By The Editors Of Parenting Magazine
At my mother’s suggestion, I started keeping a journal of things my kids say and do. Not only do I enjoy looking back on the cute and funny things I would’ve forgotten, it’s also helped me gain perspective on their behavior. And when my children are older, the entries will make a neat addition to their baby books.
Smile When You Go Into Your Child’s Room
Ever since someone suggested this to me at my baby shower, I’ve tried to do it, even when I’m tired or out-of-sorts. It’s worked: Today, my 3 1/2-year-old son and 1 1/2-year-old daughter are happy children who more often than not wake up with smiles on their faces.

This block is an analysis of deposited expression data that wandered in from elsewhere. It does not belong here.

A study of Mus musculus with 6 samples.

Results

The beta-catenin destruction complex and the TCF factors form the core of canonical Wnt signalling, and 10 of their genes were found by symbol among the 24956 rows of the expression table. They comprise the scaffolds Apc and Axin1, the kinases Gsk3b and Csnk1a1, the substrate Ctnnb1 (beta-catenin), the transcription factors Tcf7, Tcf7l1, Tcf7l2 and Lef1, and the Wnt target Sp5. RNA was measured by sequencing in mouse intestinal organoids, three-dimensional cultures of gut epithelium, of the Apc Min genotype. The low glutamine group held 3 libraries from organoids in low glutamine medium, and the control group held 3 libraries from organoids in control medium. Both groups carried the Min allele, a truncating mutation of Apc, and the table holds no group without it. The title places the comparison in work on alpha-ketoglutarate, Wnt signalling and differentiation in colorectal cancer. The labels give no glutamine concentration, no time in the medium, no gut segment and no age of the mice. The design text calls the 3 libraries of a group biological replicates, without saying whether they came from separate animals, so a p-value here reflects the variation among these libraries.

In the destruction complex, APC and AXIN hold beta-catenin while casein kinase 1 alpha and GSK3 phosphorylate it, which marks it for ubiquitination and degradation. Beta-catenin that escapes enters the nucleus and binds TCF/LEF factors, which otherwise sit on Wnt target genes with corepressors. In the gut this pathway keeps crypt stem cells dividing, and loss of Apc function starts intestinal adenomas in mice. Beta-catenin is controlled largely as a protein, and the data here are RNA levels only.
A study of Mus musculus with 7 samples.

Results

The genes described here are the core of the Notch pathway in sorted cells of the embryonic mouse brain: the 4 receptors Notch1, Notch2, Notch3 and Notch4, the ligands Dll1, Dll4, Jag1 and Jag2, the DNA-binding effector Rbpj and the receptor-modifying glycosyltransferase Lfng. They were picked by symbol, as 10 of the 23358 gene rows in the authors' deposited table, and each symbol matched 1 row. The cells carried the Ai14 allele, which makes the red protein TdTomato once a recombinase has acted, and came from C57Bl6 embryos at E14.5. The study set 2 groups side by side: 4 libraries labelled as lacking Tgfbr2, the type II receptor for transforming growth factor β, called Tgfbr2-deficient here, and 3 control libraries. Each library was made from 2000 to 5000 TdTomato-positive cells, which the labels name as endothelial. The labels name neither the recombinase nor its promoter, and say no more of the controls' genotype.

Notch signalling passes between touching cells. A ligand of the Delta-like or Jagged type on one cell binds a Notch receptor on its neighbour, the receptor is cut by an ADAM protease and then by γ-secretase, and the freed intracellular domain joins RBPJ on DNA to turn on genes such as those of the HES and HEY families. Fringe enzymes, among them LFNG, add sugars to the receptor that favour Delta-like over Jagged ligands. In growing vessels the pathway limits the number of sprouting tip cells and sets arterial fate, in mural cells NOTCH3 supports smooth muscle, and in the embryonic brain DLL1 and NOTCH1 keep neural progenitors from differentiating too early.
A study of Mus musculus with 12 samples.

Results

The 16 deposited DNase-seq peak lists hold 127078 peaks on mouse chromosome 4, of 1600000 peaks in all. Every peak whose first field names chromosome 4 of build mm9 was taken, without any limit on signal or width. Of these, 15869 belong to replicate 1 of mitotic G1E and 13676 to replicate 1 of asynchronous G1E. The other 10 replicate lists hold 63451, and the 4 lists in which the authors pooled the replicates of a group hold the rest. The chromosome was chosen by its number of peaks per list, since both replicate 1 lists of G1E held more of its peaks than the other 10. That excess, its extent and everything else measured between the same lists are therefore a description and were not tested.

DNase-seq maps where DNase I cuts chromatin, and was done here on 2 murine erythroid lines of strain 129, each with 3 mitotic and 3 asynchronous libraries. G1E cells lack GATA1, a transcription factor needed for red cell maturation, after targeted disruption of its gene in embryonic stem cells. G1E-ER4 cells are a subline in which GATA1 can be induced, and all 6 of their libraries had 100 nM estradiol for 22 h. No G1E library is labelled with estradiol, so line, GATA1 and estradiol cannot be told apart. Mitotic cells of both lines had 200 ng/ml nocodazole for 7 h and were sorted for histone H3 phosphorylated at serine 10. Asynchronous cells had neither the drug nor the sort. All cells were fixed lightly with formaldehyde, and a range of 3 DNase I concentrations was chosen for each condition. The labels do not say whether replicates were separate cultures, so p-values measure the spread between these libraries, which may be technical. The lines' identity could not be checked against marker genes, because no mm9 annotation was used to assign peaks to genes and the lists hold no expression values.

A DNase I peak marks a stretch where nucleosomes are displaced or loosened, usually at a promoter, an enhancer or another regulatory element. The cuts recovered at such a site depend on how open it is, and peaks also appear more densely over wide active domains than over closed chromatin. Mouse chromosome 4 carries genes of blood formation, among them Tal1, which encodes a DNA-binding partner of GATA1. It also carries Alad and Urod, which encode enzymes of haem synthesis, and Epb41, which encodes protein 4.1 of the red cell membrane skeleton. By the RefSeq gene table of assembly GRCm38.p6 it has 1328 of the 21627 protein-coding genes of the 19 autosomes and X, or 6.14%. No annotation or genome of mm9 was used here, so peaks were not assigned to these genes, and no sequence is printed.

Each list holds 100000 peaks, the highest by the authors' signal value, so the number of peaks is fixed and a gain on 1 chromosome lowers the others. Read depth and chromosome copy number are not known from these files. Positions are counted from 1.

Jennifer Denny Louisville, KY
Allow Kids to Learn at Their Own Pace
When my daughter turned 17 months, I bought her a potty chair. Within two weeks, she was using it without prompting. I always offer the potty as an option; sometimes she wants it and other times she asks for a diaper. Whether it’s toilet training or learning the alphabet and numbers, I let her progress at her own speed.
Trust Your Instincts
In the first few weeks after he was born, my son slept mostly in 20- to 30-minute increments, day and night. I finally confided to a friend that I was considering sleeping with the baby, but was worried about criticism. She assured me that lots of parents — herself included — had done this. It was as if a weight had been lifted off me. After that, I slept with my baby on a regular basis and at long last started enjoying parenthood.